Whether you want to enjoy exploring the reef for longer, or you want to eventually compete in freediving competitions, there are many ways to improve and perfect your freediving skills.
If you want to improve on your freediving technique, get deeper, and/or get more comfortable with holding your breath, a coach will guide you to achieve these goals in a safe, efficient way. A coach can help you by making a program and schedule for you to stick to, they can look at your equalization issues and help you to solve them, or make equalization smoother, they will tweak your technique, and they’ll offer valuable knowledge from their vast experience.
You can find an in-person coach, or, if you can’t get to them, many coaches are available for distance coaching via regular video chats. This is an investment that is definitely worthwhile in the long run. Trying to progress on your own can be confusing, overwhelming, and takes a lot of time and research. Coaches are experts and can help solve your problems and improve your freediving technique in a short amount of time.
Finding a more experienced freediver who is willing to mentor you would also be beneficial if getting a coach isn’t an option for you right now. You can go out diving together and they can offer valuable tips and knowledge, as well as reliable safety.
The best way to become a better freediver? …dive, dive, dive.
Just like with any hobby, the more you practice, the better you will become. There’s a lot of information out there to research and this is very valuable, but this information won’t help you if you don’t put it into practice regularly. So finding a regular dive buddy is your best way to get the practice in.
Depending on where you live, it might not be possible to go depth diving five times a week, but perhaps there is a club you can join. There are many clubs around the world where you can meet like-minded freedivers to dive with regularly, and potentially make lifelong friends. Many clubs organize diving trips where everyone can chip in to reduce the cost of boats, equipment, etc.
If you don’t live near depth, then you can look at joining a pool club, or finding a buddy to do pool drills with. If you practice technique and breathhold in the pool, it will feel easier when you can deep dive. Or, you might find that pool diving is your preferred form of freediving and ditch depth all together!
A healthy mix of in-water training and dry practice is the recipe for becoming a better freediver.
Something you can’t practice enough is equalization. A coach will be able to guide you on what you should be practicing for your specific equalization technique or issue, but there are also many YouTube videos out there to follow. Buying an EQ tool would be a good investment, as they allow you to check your doing the right thing while equalizing.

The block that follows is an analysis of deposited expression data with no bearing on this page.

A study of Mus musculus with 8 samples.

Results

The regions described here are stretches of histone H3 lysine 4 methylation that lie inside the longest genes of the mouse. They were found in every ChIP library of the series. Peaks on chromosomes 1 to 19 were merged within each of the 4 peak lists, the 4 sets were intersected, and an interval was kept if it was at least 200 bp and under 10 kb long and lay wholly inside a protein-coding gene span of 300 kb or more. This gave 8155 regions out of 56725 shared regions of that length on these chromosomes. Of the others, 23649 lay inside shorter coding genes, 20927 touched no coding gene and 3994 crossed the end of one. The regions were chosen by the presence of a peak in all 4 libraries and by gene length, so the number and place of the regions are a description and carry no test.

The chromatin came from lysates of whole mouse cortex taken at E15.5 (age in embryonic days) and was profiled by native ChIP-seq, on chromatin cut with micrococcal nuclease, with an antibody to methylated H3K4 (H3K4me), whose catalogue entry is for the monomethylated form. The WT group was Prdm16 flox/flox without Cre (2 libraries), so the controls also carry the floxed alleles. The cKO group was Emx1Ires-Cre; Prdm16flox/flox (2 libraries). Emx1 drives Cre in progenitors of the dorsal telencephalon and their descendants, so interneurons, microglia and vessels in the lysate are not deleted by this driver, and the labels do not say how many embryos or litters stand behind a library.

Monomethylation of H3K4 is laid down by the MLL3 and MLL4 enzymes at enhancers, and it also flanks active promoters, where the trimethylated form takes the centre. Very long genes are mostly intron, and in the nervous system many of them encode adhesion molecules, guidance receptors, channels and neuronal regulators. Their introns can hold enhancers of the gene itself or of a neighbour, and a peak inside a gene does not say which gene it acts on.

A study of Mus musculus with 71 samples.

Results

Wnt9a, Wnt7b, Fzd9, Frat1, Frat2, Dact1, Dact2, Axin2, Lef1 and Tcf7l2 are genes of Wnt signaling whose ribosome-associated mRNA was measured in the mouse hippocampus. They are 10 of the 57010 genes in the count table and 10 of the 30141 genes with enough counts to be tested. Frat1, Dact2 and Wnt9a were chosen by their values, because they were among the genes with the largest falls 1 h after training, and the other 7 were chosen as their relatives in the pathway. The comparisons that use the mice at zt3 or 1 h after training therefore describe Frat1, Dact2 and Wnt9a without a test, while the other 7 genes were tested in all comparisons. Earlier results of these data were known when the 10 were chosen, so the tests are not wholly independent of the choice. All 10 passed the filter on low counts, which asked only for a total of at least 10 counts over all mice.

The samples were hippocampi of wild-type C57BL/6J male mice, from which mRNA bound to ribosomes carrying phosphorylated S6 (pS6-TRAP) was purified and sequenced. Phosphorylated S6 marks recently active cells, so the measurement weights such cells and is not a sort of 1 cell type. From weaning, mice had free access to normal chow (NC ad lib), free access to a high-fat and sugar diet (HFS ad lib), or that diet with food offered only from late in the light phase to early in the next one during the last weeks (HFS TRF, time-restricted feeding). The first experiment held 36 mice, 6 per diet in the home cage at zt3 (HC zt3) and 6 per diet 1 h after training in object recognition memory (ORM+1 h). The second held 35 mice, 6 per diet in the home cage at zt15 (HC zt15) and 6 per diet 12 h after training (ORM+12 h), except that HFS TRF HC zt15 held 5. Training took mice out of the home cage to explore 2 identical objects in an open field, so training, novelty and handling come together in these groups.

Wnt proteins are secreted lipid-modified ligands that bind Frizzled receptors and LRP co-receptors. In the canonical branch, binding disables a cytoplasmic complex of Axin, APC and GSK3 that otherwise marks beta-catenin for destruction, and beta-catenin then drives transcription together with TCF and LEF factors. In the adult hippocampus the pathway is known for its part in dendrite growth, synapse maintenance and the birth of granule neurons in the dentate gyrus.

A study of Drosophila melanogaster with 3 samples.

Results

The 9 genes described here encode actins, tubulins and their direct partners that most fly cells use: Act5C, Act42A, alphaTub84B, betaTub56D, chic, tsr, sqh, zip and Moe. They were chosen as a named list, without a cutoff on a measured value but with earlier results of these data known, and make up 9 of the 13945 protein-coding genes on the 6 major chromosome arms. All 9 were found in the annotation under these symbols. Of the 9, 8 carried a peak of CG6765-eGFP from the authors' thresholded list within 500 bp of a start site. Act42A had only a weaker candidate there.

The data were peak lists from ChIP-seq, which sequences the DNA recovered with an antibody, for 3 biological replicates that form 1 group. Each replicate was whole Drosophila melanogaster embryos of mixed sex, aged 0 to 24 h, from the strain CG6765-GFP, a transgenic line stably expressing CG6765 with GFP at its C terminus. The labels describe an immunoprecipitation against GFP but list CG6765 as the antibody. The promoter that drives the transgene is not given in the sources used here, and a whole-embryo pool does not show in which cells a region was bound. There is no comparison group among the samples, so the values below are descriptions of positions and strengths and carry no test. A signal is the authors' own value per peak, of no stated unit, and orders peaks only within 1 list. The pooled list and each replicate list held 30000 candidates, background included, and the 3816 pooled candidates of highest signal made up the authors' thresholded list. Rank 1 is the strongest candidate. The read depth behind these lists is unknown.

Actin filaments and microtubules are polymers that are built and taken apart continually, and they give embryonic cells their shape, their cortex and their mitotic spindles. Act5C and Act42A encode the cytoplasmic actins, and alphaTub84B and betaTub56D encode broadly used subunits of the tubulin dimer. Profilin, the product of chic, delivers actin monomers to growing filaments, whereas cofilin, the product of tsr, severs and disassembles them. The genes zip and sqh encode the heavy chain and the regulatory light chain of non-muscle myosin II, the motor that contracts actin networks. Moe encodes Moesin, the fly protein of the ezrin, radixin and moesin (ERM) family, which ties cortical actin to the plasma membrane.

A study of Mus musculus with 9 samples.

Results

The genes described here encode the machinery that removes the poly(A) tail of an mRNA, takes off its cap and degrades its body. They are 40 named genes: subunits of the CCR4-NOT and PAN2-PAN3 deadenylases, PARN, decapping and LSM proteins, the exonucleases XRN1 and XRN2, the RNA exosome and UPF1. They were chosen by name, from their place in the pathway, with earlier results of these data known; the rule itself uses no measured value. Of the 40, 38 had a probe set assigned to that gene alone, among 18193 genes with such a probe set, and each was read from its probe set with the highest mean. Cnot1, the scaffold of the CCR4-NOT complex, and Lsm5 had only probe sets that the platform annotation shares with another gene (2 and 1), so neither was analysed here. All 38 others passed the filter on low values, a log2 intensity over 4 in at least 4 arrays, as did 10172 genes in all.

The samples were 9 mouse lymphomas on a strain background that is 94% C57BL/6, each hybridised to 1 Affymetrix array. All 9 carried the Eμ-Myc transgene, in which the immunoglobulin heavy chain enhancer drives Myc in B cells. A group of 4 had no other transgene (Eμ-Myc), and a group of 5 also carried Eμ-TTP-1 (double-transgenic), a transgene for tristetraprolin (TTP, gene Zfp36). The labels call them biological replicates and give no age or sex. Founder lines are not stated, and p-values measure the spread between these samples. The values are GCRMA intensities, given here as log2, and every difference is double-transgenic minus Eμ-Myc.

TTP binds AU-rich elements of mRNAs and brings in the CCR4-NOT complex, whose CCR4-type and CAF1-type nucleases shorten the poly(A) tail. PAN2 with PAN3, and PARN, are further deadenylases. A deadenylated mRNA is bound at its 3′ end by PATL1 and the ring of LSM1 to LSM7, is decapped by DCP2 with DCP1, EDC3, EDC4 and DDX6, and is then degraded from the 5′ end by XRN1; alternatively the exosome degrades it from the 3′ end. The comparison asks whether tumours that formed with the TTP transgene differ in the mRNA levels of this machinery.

Dry statics are a great way to start the day, and are something you don’t need a buddy for. Lying comfortably on the floor or a bed, use a nose clip if you have one and give yourself a good amount of time to breathe up. Make sure you feel very relaxed and you’re holding no tension. When you feel ready, take your final breath and start the timer. It’s fun to see what your maximum breath hold is, but you don’t always have to push yourself to your limit. Just holding until the first contraction is a good practice, which should get postponed each day with regular dry training. A coach will be able to advise you on how long you should do, and for how many sets.
Pranayama and breathwork is also great dry practice. There are online classes, or videos to follow to make it easier while you’re learning. Breathwork is an amazing tool to help with relaxation and calming the mind. Learning how to breathe in the right way can extend your breath hold time and make freediving feel more pleasurable.
It’s so nice to see yourself progressing and reaching your goals. So set yourself reachable goals and make a plan to achieve them. A coach would help you to do this.
Write down a sentence or two after each session, whether it’s a dry session, depth session, or pool session. Keep track of what you did, and how you felt at different moments. You can write down when you felt the first urge to breathe, first contraction, etc. You’ll be able to look back and see how much you’re improved.
Videoing your dives and looking back at it to see finning technique etc is also a great tool for improvement.
There is so much information out there about freediving, it can be quite overwhelming. Many online experts offer free, and very valuable advice, and a great way to learn is to follow more than one of these experts. Everyone sees things differently and approaches teaching in a different way, you might find that an expert offers a piece of advice that doesn’t quite work for you, but then another piece that really helps you. This is likely to frequently be the case, so go into the learning with an open mind, check out a few different websites and YouTube channels, and see what works for you and what doesn’t.
Following coaches and athletes on social media is another great way to learn, see how they are training, and get inspired to keep your training up.
Stretching is a nice daily practice for divers and non-divers alike. It keeps you flexible and is a form of light exercise.
As a beginner, flexibility is not all that important for freediving. But if you plan to become a deep diver, you will need more flexibility down the road to move efficiently in the water. So why not start now?
Yin yoga is a calm practice that can be done right before a dive session, as it is slow and relaxed it will keep you in the right headspace for diving. If you stretch at other times, you can choose more challenging, faster yoga practices if this is what you enjoy. Again, YouTube can become your best friend and will offer you many free videos to follow along. Or you could join a local yoga class!